The parties operated in accordance with the terms of a document that provided:

  • The parties were “joint venturers” for the purposes of a single voyage, although the document added the agreement should not be construed so as to confer any right or interest in the vessel or create a partnership.
  • The cost of maintaining the vessel during the voyage was the responsibility of the taxpayer, but all of the parties would make a contribution towards the operating costs of the vessel. The maximum amount of operating costs that could be recovered under the terms of the agreement was $1500 or – if it were a larger number – an amount equal to 25% of the gross catch. The agreement said the costs would be borne in fixed shares, with the owner and the skipper shouldering bigger shares than the crew.
  • The fish would be sold to a buyer at the conclusion of the voyage. Each of the parties to the agreement was entitled to a share of the gross proceeds of the catch in accordance with the schedule.
  • Each party was required to bear the costs of sickness and accident insurance, and it was agreed “no party is liable for any accident or mishap that occurs during the voyage.”

After describing the preparation of the vessel for sea and the journey to the fishing grounds, the AAT continued:

"Once the vessel was moored at a particular location, the crew members would head off in their dories in search of fish. Each crew member operated independently, according to Mr Hemingway. He was not obliged to fish anywhere in particular, and he did not take instruction from the skipper or his crewmates as to how or where he should fish. He said each dory might travel several miles from the mother ship, and be gone all day. I have no reason to doubt the individual crew members enjoyed significant autonomy in the conduct of their fishing operations."

The AAT said, at paras 29-30:

"As far as the common law is concerned, I think the taxpayer’s characterisation of the relationship with the crew members is preferable to that contended for by the Commissioner. The terms of the agreement between the parties contemplates them operating as joint venturers – independent business people who are cooperating for the limited purpose of catching and ultimately selling fish. Individual crew members brought their skills and preferred equipment to the venture, and they could exit the arrangement if they wished (albeit there were some practical limits on their ability to leave the boat while it was at sea). The taxpayer provided equipment – most obviously the boat itself – and the skipper and marketing arrangements. But the equipment was effectively placed at the service of the joint venture, to be managed collectively during the voyage for the common end. The crew members, for their part, were free to fish on their own and they were paid for their output. The crew were not integrated into the taxpayer’s organisation; each of the parties had a function that they performed individually, albeit cooperatively.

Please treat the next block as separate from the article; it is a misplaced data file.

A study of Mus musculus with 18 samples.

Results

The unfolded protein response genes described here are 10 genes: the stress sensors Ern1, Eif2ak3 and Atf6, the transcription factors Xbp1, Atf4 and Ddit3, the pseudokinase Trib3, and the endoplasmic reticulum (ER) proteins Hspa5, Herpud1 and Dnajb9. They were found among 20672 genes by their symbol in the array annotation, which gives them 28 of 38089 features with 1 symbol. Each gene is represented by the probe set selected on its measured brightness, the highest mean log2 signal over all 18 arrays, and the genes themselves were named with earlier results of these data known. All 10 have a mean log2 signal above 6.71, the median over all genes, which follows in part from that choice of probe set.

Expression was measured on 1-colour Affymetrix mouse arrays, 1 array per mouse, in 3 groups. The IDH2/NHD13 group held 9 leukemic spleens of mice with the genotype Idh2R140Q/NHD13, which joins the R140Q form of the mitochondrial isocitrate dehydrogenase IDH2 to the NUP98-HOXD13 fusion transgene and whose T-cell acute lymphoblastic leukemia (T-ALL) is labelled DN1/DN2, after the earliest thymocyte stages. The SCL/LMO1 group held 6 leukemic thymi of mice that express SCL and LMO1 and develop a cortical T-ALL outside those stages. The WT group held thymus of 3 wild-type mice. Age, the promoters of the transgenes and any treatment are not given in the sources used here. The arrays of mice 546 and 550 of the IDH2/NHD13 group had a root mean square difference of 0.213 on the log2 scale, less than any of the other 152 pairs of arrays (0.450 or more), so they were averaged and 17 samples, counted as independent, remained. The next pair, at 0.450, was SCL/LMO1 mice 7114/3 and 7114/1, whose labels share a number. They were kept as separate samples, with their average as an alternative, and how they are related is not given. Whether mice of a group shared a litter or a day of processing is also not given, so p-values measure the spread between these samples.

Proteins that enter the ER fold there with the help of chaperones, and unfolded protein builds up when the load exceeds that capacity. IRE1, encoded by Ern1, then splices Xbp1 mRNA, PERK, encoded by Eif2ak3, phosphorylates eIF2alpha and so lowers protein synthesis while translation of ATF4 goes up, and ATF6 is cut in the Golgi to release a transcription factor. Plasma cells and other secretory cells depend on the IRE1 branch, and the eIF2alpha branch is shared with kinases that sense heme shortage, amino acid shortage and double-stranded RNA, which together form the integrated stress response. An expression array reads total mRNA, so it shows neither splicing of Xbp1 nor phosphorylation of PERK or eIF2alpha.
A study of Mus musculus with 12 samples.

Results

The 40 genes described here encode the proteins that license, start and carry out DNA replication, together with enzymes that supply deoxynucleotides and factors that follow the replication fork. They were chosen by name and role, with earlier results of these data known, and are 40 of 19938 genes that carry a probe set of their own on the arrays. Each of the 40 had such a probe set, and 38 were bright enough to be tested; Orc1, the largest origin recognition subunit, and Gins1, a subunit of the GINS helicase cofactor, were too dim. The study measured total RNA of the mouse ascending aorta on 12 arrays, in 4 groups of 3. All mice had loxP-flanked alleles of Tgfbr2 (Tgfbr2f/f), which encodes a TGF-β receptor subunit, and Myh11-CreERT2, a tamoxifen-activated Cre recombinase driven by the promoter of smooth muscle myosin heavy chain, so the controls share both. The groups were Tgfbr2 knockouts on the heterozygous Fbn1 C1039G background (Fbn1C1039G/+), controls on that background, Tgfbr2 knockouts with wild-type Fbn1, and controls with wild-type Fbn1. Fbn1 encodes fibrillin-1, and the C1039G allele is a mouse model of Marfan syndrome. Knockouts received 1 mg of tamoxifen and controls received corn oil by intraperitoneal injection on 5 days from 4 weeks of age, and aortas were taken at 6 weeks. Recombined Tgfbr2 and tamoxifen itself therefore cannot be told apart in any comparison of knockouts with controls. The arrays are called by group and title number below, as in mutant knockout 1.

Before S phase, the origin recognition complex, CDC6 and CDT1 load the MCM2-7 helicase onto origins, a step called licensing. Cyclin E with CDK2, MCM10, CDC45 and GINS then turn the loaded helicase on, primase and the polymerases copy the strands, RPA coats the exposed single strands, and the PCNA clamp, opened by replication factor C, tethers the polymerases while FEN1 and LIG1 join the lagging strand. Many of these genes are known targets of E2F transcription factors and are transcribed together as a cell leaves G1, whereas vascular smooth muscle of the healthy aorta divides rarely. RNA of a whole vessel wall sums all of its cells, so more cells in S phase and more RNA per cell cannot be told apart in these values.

I do not think the extended definition in s 12(3) of the Superannuation Guarantee (Administration) Act 1992 (Cth) makes any difference to that characterisation. The contract is not wholly or principally for the labour of the crew member. As I have already explained, it is a joint venture agreement that is intended to produce fish for sale. It is true the agreement contemplates the crew members contributing labour, in particular, but they are remunerated on the basis of an outcome. If there was no outcome – if they did not catch any fish – the director said in his evidence there would be no remuneration. Indeed, it was theoretically possible under the agreement the crew might return to port owing money to the taxpayer if there were no fish caught on a voyage (although the director acknowledged that had never occurred). "

Dominic B Fishing Pty Ltd and FCT [2014] AATA 205 (10 April 2014).